The human bladder and urine have long been considered to be sterile. Emerging evidence challenges this paradigm.
Recent advances in gene sequencing have made it possible to look at the human microbiome (the collective bacteria that live in and on our bodies) and more and more studies are showing an important link between the microbiome and our health.
Standard urine testing methods are limited in their ability to show the true bacterial composition of the urine and their main use is to show certain strains of bacteria that typically overgrow in urinary tract infections.
Genetic screening of the bacterial ‘16S rRNA’ gene has made it possible to look at all the different bacteria living in and on our body.
New studies using this method have shown that urine is in fact not sterile, but harbours communities of living bacteria.
The Urinary Microbiota
The gut microbiome and its role in health and disease has received much attention in recent years. Other body sites have not received the same attention with regards to their individual microbiota but so far we know that the organs with a connection to the outside of the body seem to have their own microbiota – including the bladder.
There is insufficient data to determine what the urinary microbiota should really look like.
A healthy ‘core’ microbiota may exist but we don’t know exactly what it is yet. As with the gut microbiome the problem here is finding people that have not been negatively affected by modern lifestyle who could be representative for a perfectly healthy bladder.
Studies so far have shown that the urinary microbiota fluctuates between the sexes and between different age groups.
Fluctuations have also been found in diseased bladders compared to healthy ones.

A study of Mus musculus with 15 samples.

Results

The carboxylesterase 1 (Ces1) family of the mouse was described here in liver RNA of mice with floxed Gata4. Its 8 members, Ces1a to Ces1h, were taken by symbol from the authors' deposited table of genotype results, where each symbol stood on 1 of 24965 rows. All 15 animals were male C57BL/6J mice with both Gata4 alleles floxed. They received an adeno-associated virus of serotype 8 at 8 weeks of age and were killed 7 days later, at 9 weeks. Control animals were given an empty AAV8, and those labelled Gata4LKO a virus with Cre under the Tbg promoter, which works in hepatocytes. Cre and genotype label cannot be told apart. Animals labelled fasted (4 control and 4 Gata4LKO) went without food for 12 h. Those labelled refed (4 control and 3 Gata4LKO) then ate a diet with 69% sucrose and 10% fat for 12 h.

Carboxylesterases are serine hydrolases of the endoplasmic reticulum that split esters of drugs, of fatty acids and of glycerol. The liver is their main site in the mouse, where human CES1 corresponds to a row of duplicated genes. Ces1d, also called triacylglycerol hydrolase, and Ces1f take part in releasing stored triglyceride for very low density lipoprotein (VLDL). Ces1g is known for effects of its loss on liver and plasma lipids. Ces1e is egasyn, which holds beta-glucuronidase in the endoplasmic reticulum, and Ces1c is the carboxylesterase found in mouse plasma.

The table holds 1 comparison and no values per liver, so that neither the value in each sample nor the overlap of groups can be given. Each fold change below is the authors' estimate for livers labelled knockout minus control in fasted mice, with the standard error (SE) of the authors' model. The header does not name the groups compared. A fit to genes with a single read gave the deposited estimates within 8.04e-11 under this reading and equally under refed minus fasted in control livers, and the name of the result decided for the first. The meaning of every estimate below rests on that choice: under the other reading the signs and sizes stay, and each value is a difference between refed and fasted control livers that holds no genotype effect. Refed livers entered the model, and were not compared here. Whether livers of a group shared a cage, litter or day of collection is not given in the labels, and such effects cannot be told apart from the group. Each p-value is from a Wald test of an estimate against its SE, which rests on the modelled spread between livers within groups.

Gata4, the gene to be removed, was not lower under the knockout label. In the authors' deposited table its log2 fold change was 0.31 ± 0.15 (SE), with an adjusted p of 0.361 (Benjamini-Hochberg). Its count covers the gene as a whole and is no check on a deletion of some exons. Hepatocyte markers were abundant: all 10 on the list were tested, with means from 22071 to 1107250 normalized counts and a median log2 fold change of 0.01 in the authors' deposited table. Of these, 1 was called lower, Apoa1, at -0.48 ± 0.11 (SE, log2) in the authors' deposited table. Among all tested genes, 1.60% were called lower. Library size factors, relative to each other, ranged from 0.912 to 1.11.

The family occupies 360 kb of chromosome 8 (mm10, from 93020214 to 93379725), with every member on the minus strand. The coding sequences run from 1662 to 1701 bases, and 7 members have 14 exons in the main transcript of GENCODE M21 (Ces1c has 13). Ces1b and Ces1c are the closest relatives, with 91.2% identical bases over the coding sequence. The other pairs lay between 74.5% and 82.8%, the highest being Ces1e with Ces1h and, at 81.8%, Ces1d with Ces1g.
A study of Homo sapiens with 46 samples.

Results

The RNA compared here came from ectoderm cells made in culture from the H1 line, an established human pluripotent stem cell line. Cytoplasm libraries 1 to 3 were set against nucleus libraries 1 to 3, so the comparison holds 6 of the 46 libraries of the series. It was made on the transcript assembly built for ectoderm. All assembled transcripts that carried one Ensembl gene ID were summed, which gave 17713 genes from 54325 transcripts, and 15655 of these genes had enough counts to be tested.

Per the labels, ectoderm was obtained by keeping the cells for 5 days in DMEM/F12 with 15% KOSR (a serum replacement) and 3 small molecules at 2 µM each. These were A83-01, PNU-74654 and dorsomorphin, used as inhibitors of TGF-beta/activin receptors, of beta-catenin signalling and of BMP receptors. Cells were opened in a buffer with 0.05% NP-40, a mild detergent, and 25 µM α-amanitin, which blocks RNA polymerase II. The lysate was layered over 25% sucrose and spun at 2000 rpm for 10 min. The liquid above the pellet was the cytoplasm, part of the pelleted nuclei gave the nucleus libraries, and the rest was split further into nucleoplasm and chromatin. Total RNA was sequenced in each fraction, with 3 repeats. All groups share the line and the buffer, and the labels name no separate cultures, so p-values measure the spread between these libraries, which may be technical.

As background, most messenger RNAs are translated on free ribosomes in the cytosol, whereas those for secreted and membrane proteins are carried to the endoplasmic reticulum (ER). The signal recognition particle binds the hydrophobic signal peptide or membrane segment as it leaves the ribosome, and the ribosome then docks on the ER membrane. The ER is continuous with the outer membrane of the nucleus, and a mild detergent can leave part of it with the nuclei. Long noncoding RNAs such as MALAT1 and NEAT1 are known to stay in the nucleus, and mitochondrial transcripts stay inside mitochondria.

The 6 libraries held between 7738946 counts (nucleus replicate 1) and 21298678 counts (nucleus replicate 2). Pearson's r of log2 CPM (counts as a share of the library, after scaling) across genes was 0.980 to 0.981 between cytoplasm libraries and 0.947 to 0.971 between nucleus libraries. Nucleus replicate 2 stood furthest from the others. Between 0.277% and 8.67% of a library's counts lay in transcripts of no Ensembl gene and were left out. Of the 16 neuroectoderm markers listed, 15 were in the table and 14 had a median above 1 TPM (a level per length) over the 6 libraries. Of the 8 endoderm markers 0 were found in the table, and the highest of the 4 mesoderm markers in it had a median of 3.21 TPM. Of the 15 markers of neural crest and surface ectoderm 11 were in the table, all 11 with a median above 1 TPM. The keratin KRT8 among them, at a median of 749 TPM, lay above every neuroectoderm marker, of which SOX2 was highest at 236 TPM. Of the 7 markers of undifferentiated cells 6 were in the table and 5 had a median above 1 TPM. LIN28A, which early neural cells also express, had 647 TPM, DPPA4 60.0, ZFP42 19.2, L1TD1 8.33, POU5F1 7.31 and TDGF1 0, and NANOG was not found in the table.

Around 85 different species of bacteria have been found in urine so far.
The Urinary Microbiota and Bladder Health
Several studies have shown significant differences between the urinary microbiota of healthy individuals and people with clinical symptoms relating to the urinary tract.
For example, those with symptoms had different types and proportions of Lactobacilli, a bacterial species known to play a role in urogenital health.
Specifically, the strain Lactobacillus Crispatus seemed to be present in healthy bladders, whilst missing or reduced in diseased bladders.
The urinary microbiota seems to change with age, a potential factor in increasing risk for bladder dysfunction in later life.
It is known that the gut microbiota, for example, plays an important role in immunity and, if healthy, can ‘out-crowd’ pathogens and therefore help protect us against infections. The same has been suggested to be true for the bladder.
The urinary microbiota seems to be different compared to healthy individuals in both people with existing symptoms and those who later developed urinary tract infections or other problems.
In those who had symptoms but whose standard urine tests had come back negative the gene sequencing showed raised levels of bacteria that cannot normally be picked up on a standard urine culture test.
Therefore, if you feel like you have an UTI but your tests come back negative it may just be a different type of bacteria!
Hopefully in time better testing will be available.
The urinary microbiota may play a huge role in the health and disease of the urinary tract and with more knowledge we’ll hopefully have more therapeutic options.
More Than Just Bacteria
While the 16S rRNA sequencing allows us to look at the different types of bacteria present in the urine, it does not tell us about other microorganisms that are not bacteria such as yeasts/fungi, protozoa and viruses. Neither do the standard culture tests used by most doctors.
These other microorganisms have also been implicated in bladder conditions and some of them may also be a part of the urinary microbiota.
Other testing methods would be required to capture pathogens that aren’t bacterial – new methods of metagenomics have the ability to sequence bacteria, fungi and viruses.
Again, if you suffer from symptoms but your tests return negative consider that the problems may be caused by a virus or fungi instead of bacteria.
Have you had UTIs without a positive urine culture? Share your story in the comments!